Canadian automotive suppliers gaining international respect

One of the recognized truisms of the Canadian automotive industry is that from a manufacturing perspective, we have long punched above our economic weight.

Ever since the auto trade pact was signed in the 1960s, Canada has traditionally produced more vehicles than it has consumed. Historically we have accounted for 7 to 8 per cent of NAFTA automotive sales in Canada but we have produced 16 to 18 per cent of NAFTA vehicle production. This focus on Canadian automotive production has come about as a result of a highly capable workforce, a long-standing commitment to quality, and a manufacturing efficiency and expertise.

Indeed, this has been a hallmark of Canadian automotive suppliers. Today, Canada boasts one of the four largest automotive suppliers in the world in the form of Magna International. Similarly Magna’s ascension as one of the world’s premier automotive suppliers comes as a result of a commitment to manufacturing excellence. If you look at many of the innovations that Magna brought to the automotive industry, such as the role formed alternator pulley, single piece flex plate, serpentine belt drive system, foam-in-place place seating, stow-n-go seats, and hydroformed truck frames, they are all based on manufacturing expertise. Magna is certainly not alone in this world-class capability and expertise; others such as Martinrea, Linamar and the ABC Group have proven to be formidable global competitors boasting of world-class manufacturing expertise. As our Canadian suppliers have continued to move up the food chain, taking responsibility for ever larger systems and modules, we have reached the point where companies such as Magna International are actually producing the complete vehicle for their OEM customer.

Today Canadian automotive suppliers compete in virtually every one of the major automotive production hotbeds including China, India, Thailand, Eastern and Western Europe and Russia, Brazil and of course all across the United States and Mexico. In 2012, the Canadian automotive supplier industry, providing components to the world’s top 15 automotive OEMs, accounted for about 83,500 employees in Canada and produced goods representing almost $23.5 billion. Almost 80 per cent of this production was exported and not just to the United States and Mexico. Canadian automotive suppliers export components to virtually every major automotive region in the world. Tooling produced in Canadian facilities continues to be utilized in manufacturing facilities from Brazil to Thailand and many countries in between.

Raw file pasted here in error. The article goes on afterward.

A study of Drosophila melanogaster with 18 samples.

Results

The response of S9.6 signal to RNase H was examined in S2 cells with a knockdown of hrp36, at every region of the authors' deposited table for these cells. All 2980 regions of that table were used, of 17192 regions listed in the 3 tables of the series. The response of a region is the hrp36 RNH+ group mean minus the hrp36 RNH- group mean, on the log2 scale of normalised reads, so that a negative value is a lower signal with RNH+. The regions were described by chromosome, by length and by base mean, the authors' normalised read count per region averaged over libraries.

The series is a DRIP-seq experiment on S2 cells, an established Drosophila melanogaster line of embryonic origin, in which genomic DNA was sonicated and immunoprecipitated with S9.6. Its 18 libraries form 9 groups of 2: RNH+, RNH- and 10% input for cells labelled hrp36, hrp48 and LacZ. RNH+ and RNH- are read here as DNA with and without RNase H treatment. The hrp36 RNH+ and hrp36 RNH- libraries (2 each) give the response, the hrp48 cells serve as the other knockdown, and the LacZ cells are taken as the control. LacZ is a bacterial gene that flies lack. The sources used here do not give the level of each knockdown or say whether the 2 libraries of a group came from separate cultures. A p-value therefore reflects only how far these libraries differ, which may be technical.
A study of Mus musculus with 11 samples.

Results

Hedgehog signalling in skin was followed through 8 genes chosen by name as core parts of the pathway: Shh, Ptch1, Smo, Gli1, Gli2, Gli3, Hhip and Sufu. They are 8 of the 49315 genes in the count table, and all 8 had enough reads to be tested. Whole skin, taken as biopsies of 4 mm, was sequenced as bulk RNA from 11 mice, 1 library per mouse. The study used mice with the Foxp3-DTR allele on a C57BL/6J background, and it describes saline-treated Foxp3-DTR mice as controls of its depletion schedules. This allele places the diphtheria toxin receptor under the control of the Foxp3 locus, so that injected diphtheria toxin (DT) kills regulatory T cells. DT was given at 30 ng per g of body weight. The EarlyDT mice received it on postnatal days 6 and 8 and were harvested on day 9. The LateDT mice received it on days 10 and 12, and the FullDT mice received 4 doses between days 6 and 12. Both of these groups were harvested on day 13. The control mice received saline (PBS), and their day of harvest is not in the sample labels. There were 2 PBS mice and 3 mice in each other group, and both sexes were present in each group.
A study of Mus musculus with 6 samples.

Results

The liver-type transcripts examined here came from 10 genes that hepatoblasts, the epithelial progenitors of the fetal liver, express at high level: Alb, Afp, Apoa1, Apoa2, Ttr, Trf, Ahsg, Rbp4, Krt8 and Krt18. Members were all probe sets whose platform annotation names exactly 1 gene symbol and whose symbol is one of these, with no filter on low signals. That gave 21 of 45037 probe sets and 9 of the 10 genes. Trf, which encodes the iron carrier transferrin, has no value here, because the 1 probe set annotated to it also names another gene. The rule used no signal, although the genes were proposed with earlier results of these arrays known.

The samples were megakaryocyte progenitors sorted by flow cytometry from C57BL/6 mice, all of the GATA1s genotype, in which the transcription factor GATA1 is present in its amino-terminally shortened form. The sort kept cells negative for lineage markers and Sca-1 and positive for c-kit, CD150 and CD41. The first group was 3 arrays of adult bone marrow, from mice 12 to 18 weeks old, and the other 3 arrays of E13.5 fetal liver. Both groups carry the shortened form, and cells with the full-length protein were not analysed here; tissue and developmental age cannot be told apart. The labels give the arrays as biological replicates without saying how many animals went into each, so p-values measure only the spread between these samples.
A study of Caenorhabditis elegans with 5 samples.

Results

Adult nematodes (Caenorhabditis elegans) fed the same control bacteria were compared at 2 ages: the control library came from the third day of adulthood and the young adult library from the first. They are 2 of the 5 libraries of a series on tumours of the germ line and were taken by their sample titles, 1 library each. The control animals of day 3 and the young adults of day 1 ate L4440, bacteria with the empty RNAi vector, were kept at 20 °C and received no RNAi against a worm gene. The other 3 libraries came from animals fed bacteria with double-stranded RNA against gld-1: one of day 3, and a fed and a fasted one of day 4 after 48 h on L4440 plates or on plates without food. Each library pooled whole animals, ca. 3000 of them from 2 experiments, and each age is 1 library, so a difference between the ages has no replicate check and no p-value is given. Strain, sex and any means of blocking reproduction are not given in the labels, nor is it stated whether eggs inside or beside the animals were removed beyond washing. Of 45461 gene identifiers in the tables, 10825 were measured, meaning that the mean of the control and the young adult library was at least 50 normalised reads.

Canadian suppliers have not just restricted themselves to the traditional manufacturing capabilities. Indeed Canada has established a growing presence and is gaining international respect for its capabilities with respect to their connected car that ultimately leads to the autonomous car. Today’s car boasts more than 40 microprocessors on average, running more than 100 million lines of code. This is more code and more processors than are found in a stealth fighter jet. Companies such as QNX in Ottawa are involved in virtually every major global vehicle platform and they are leading the way in the development of advanced software systems. At the start of the 2014 model year only three vehicles in the world boasted wireless onboard cell phone charging. These vehicles included the Jeep Cherokee, Toyota Avalon and the SsangYong Chairman. Two of these vehicles feature Canadian technology from Leggat and Platt in Tecumseh, ON. Advance Canadian connected car and telematics technologies have won awards around the world for both innovation and manufacturing expertise.

As we move forward and continue to be challenged by the strong onward march of a truly global automotive industry, we often want to question whether a country such as Canada with only 35 million people can compete with countries such as China and India with populations well over one billion. But as I look at our manufacturing capabilities and expertise, examine the academic footprint of our universities and colleges and government organizations such as NRC CanMet and the National Research Council automotive group, and as we purvey our many other areas of expertise, I’m convinced that Canada can remain a viable and competitive manufacturing threat around the world. Indeed, innovation and manufacturing excellence will be our lasting legacy. SMT

Steve Rodgers is president of the Automotive Parts Manufacturers’ Association (APMA).